How are new plant breeding techniques regulated in the EU?

After the court ruling of the European Court of Justice (ECJ) on July 25th in 2018, a lot of confusion arose around whether plants obtained by new plant breeding techniques (NPBTs) such as CRISPR would be classified and subjected to laws for genetically modified organisms (GMOs) here in Europe. Many plant scientists, including us from GeneSprout Initiative, were under the impression that the court ruling implied that plants created with NPBTs would be considered to be GMOs solely based on the technique used. However, researchers easily misinterpret terms and definitions used in the legislation. A recent paper, published in the European Journal of Risk Regulation, tries to clarify the legal status of organisms obtained through these new breeding technologies. Here they conclude that for an organism to be a GMO in the sense of the GMO Directive (2001/18/EC), two aspects need to be considered: the technique used and the genetic alterations of the resulting organism. This means that the use of NPBTs does not immediately imply that plants obtained with these techniques are considered GMOs. If the genetic material has been altered in a way that does occur naturally by mating and/or natural recombination then these plants are not GMO and don’t have to be regulated as such. A schematic representation can be seen in the figure below.

Following the scheme, the question arises: “can the genetic alteration, introduced with a certain breeding technique, occur naturally?”.  If we limit ourselves to plants edited with the CRISPR-technique the following scheme arises: 

For some genetic alterations the answer is quite clear (shown in green). If a gene from a non-crossable species is introduced into the plants’ genome (transgenesiswe can speak of a GMO because this happens very rarely in nature. For exampleintroducing an insect resistance gene originating from bacteria into a maize plant results in a GMO. The introduction of a gene from the same plant species into the genome (cisgenesis) does not result in a GMO because this can occur naturally. For examplewhen a resistance gene against fungi from one apple variety is introduced into another apple variety it is not a GMO. One base pair changes in the DNA (insertions, deletions or small nucleotide polymorphisms) between different plants of the same species occur in high frequencies in nature. If such a change is introduced in a specific region of the plants’ genome, this genetic alteration should also not be considered a GMO. The grey zone emerges when larger or multiple insertions or deletions are introduced. This grey zone should be addressed more in detail by the European Commission and some clarification is needed to define where to place the limit of which genetic alterations occur naturally. These schemes are not complete but show the necessity for further clarification.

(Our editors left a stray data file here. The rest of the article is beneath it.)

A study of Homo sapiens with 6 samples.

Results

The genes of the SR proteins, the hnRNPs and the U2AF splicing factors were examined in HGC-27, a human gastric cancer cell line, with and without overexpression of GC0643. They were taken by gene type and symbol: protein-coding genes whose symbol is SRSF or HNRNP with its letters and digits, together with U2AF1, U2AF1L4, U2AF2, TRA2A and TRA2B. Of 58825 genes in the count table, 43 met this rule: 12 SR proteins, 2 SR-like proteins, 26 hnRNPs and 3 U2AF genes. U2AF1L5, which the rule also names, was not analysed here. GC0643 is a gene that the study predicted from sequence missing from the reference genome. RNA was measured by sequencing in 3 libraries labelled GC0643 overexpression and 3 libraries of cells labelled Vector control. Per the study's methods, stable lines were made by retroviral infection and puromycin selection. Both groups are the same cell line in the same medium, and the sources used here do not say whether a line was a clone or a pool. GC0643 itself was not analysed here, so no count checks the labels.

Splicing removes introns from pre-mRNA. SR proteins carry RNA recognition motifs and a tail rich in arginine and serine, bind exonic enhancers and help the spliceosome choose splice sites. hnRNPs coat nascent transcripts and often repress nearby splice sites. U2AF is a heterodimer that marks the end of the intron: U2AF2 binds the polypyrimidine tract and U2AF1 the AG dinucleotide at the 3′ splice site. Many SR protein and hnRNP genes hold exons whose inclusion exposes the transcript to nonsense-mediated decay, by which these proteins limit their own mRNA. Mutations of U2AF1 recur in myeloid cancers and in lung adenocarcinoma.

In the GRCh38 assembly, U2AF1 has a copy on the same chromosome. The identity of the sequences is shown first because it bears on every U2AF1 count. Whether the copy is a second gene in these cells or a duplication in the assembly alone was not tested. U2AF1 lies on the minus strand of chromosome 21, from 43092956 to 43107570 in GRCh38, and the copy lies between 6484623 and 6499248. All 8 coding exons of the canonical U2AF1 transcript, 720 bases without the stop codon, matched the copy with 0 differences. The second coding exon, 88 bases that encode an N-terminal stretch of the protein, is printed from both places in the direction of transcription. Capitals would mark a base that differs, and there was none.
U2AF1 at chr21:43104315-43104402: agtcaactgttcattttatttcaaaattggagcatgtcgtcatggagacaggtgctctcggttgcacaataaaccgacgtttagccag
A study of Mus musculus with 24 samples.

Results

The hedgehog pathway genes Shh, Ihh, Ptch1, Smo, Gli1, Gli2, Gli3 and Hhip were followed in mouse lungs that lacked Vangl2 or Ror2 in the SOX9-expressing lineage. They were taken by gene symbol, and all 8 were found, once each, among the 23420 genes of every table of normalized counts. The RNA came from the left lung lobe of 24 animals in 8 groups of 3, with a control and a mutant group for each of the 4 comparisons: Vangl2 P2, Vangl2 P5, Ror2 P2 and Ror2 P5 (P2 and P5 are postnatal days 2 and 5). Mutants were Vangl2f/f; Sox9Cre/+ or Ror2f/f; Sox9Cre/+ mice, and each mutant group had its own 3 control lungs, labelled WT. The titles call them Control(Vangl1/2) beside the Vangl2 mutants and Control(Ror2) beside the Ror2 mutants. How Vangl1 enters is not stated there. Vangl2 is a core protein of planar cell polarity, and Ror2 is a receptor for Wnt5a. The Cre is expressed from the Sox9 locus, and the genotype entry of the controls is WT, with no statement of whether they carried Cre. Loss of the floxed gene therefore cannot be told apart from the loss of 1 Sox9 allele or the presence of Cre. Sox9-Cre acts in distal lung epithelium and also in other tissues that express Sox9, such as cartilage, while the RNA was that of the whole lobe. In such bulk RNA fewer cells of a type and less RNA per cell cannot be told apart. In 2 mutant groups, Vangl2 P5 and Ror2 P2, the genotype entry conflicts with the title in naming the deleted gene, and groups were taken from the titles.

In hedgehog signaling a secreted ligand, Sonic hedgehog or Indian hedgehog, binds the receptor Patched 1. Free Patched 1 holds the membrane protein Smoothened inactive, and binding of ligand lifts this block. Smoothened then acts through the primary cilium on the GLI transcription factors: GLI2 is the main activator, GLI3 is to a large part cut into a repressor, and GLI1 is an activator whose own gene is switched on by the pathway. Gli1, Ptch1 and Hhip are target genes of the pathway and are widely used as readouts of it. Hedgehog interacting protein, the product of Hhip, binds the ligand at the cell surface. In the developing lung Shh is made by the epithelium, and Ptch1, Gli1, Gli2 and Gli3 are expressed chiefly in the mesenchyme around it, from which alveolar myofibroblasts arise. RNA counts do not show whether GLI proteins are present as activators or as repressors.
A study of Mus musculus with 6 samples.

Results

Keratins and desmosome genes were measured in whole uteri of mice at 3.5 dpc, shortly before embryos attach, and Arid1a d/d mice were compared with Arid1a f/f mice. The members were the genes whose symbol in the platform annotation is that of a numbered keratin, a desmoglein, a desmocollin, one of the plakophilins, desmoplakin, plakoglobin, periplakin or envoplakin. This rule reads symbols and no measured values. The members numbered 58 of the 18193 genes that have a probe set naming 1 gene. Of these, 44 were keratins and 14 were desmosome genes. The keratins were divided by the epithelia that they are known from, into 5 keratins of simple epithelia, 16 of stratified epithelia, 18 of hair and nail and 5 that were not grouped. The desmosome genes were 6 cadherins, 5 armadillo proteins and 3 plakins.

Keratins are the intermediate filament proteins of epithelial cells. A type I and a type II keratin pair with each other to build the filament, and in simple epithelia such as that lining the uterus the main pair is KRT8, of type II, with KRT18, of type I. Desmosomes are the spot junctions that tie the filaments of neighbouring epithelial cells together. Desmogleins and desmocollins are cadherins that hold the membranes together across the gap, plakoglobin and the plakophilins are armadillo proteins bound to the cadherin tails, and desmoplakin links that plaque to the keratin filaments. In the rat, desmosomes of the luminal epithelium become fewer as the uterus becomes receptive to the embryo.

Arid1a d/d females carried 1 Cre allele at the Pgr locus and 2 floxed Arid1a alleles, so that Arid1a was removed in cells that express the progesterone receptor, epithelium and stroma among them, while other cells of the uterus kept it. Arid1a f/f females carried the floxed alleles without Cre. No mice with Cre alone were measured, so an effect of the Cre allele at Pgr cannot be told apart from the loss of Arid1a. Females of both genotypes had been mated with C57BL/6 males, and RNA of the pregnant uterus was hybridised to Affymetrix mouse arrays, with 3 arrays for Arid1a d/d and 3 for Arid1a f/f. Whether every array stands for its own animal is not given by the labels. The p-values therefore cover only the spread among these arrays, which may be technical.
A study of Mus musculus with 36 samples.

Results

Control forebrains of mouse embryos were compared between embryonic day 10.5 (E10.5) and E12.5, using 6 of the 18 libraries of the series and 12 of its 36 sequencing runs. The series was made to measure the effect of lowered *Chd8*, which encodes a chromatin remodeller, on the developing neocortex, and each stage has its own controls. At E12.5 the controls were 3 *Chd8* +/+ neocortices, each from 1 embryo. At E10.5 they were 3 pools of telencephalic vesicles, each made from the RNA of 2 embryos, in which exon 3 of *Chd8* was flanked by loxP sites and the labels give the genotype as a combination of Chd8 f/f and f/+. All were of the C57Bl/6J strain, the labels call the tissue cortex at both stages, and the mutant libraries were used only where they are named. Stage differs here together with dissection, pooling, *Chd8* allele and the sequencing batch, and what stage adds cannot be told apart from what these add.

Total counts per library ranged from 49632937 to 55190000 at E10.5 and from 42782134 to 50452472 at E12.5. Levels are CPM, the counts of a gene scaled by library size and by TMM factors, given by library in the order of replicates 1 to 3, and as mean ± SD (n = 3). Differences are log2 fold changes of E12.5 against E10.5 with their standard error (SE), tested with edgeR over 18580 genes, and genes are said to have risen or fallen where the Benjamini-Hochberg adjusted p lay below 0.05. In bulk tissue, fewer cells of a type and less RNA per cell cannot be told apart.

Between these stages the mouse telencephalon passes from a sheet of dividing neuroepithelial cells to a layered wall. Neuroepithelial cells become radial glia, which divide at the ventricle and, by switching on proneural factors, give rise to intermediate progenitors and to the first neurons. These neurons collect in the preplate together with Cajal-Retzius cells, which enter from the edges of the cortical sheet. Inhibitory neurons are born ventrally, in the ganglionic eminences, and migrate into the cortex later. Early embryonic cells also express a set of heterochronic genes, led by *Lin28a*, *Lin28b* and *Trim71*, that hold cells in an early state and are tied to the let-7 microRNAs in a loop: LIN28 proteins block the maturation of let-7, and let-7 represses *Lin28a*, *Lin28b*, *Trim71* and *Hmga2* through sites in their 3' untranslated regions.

Recently the European Commission published a study regarding the status of novel genomic techniques under Union law. The study makes it clear that organisms obtained through new genomic techniques are subject to the GMO legislation. However, it also states that developments in biotechnology, combined with a lack of definitions (or clarity as to the meaning) of key terms, are still giving rise to ambiguity in the interpretation of some concepts, potentially leading to regulatory uncertainty. Furthermore, the study confirms that the current regulatory system involves implementation and enforcement challenges in the EU, relating in particular to the detection of products of new genomic techniques (NGTs) that contain no foreign genetic material. The study ended with the question if the current legislation is still fit for purpose or needs updating in light of scientific and technological progress. The study further stated that the follow-up to this study should consider possible policy instruments to make the legislation more resilient, future-proof and uniformly applied. Any further policy action should be aimed at reaping benefits from innovation while addressing concerns. A purely safety-based risk assessment may not be enough to promote sustainability and contribute to the objectives of the European Green Deal and in particular the ‘Farm to Fork’ and biodiversity strategies; benefits contributing to sustainability would also need to be evaluated, so an appropriate mechanism to accompany risk assessment may be required.

A group of experts replied to this study with the statement that the follow-up study should include an assessment of whether and which organisms obtained through the various NGTs are subject to the EU GMO legislation. This assessment should include:

  • An analysis of what constitutes a GMO under Union law along with the standard CJEU approach of considering the wording, the general scheme and the spirit of the law,
  • A description of what constitutes NGTs and a specification of the various categories of NGTs,
  • An assessment as to which organisms developed with the specified categories of NGTs are GMOs within the meaning of Union law.
This is in agreement with the unclarity regarding the grey zone stated above. With GeneSprout Initiative we wrote an open letter to the European Commissioner for Health and Food safety, to respond to the EC study on new genomic techniques. We welcomed the conclusions of the study and urge the Commission to propose further policy actions to enable the use of new genomic techniques to support the goals of the European Green Deal and Farm to Fork strategy by 2030. We asked the Commission to engage early-career researchers as stakeholders in the ongoing discussion. Our future, professionally and as EU citizens, will be decided by the ongoing policy developments. We received positive feedback from the Commissioner. Together with all stakeholders, we hope to gather new and joint perspectives on new plant breeding techniques that will help us shape the future of agriculture.